On 3 June 2018, a Twitter user relayed a story about an asthmatic child who purportedly died when his parents substituted unspecified essential oils for asthma medications:
Car pulled up with unresponsive kid. I tubed him, we coded him for a good hour. Never got him back. His mom stopped his asthma meds and was giving him essential oils from an "article" she read. The essential oil quacks killed a child today with no recourse. Let that sink in ?
— Sir TaxedTooMuch (@911GlockDoc) June 3, 2018
Screenshots of the tweet circulated independently on other social media platforms, such as Facebook and Reddit (multiple times.) The Twitter user who first shared the claim regularly tweets about purported interactions and incidents in an unidentified emergency room.
Others commented on the tweet asking for corroborating information, sometimes suggesting that if a child died in the described manner that the incident would be at least locally newsworthy:
I wonder why I can't find anything to back up this story? I mean, a story like this would make the news. I am totally anti-woo, but I am also totally against spreading lies to 'help' our cause. A kid allegedly died. I hope this is what I suspect it is: A lie.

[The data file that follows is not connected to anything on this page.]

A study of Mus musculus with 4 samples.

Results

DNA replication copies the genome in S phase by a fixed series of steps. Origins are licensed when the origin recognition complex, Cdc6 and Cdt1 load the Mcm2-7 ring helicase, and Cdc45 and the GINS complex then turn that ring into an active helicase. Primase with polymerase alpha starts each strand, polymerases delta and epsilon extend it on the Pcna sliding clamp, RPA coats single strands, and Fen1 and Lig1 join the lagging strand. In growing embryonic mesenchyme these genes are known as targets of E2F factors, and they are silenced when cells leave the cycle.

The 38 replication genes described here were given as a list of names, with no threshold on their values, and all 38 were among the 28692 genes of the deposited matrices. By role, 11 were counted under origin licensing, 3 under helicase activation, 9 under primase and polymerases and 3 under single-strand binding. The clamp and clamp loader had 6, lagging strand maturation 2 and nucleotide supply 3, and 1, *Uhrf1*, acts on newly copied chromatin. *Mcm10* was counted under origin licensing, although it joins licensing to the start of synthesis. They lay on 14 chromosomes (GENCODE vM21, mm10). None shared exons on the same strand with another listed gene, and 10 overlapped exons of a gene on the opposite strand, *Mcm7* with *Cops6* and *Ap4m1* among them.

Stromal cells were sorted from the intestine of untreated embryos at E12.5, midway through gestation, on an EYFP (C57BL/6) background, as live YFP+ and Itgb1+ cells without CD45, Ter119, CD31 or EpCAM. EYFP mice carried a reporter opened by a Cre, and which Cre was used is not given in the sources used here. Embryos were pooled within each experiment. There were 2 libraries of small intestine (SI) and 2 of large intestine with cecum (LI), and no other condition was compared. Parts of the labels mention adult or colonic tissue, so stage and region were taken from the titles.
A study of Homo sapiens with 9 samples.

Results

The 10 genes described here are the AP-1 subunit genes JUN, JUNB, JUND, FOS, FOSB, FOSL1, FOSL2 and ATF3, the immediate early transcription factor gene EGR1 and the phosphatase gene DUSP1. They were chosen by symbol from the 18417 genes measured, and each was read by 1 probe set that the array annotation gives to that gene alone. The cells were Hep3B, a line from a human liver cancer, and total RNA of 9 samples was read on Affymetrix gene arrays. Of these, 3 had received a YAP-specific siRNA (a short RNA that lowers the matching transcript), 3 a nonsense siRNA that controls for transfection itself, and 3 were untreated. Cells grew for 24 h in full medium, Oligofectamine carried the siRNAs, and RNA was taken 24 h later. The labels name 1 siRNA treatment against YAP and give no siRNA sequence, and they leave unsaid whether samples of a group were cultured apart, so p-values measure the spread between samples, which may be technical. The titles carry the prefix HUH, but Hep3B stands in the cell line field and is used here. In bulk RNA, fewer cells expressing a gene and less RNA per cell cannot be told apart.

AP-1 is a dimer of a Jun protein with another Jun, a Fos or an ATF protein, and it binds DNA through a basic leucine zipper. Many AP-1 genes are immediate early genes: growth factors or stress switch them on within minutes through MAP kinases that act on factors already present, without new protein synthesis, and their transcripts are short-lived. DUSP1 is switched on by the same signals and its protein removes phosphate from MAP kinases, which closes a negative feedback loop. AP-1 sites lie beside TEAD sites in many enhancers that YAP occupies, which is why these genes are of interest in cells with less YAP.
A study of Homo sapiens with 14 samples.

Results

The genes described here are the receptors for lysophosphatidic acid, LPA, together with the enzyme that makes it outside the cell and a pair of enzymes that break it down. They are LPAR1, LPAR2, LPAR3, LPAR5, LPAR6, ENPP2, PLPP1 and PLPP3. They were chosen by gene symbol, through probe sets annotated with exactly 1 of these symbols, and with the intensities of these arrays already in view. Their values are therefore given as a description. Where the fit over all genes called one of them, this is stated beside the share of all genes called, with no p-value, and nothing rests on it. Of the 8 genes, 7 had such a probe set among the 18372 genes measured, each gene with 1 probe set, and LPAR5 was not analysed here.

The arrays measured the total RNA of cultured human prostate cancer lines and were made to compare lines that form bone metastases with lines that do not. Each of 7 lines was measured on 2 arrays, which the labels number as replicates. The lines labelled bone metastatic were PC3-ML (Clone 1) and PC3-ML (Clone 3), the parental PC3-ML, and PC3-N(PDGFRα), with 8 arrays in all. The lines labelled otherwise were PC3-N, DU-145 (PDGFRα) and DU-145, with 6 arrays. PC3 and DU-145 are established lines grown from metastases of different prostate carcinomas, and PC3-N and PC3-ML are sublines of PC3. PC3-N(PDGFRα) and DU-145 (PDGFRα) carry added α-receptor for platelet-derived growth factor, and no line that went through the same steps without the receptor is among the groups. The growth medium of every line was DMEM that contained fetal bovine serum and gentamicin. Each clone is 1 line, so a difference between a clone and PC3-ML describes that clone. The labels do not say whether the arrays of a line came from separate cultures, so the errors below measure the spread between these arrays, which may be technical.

— Nina Skov Lund (@NonnaKosten) June 6, 2018
Although the story proved popular, the author did not respond to requests for additional information, whether from media outlets or users looking for the article referenced in the tweet. They did not provide a specific location or any back story, although earlier tweets indicated that the poster might live or work in the Atlanta area. Previous Twitter-related tales of hospital horrors have gone similarly unverified (likely due at least in part to privacy laws.) A 2015 blog post written by a physician tackled the same topic, but his post did not mention any deaths.
It is possible that the claim was accurate as relayed, but it is just as possible that the story was fabricated as a warning against the use of essential oils in lieu of medically necessary interventions.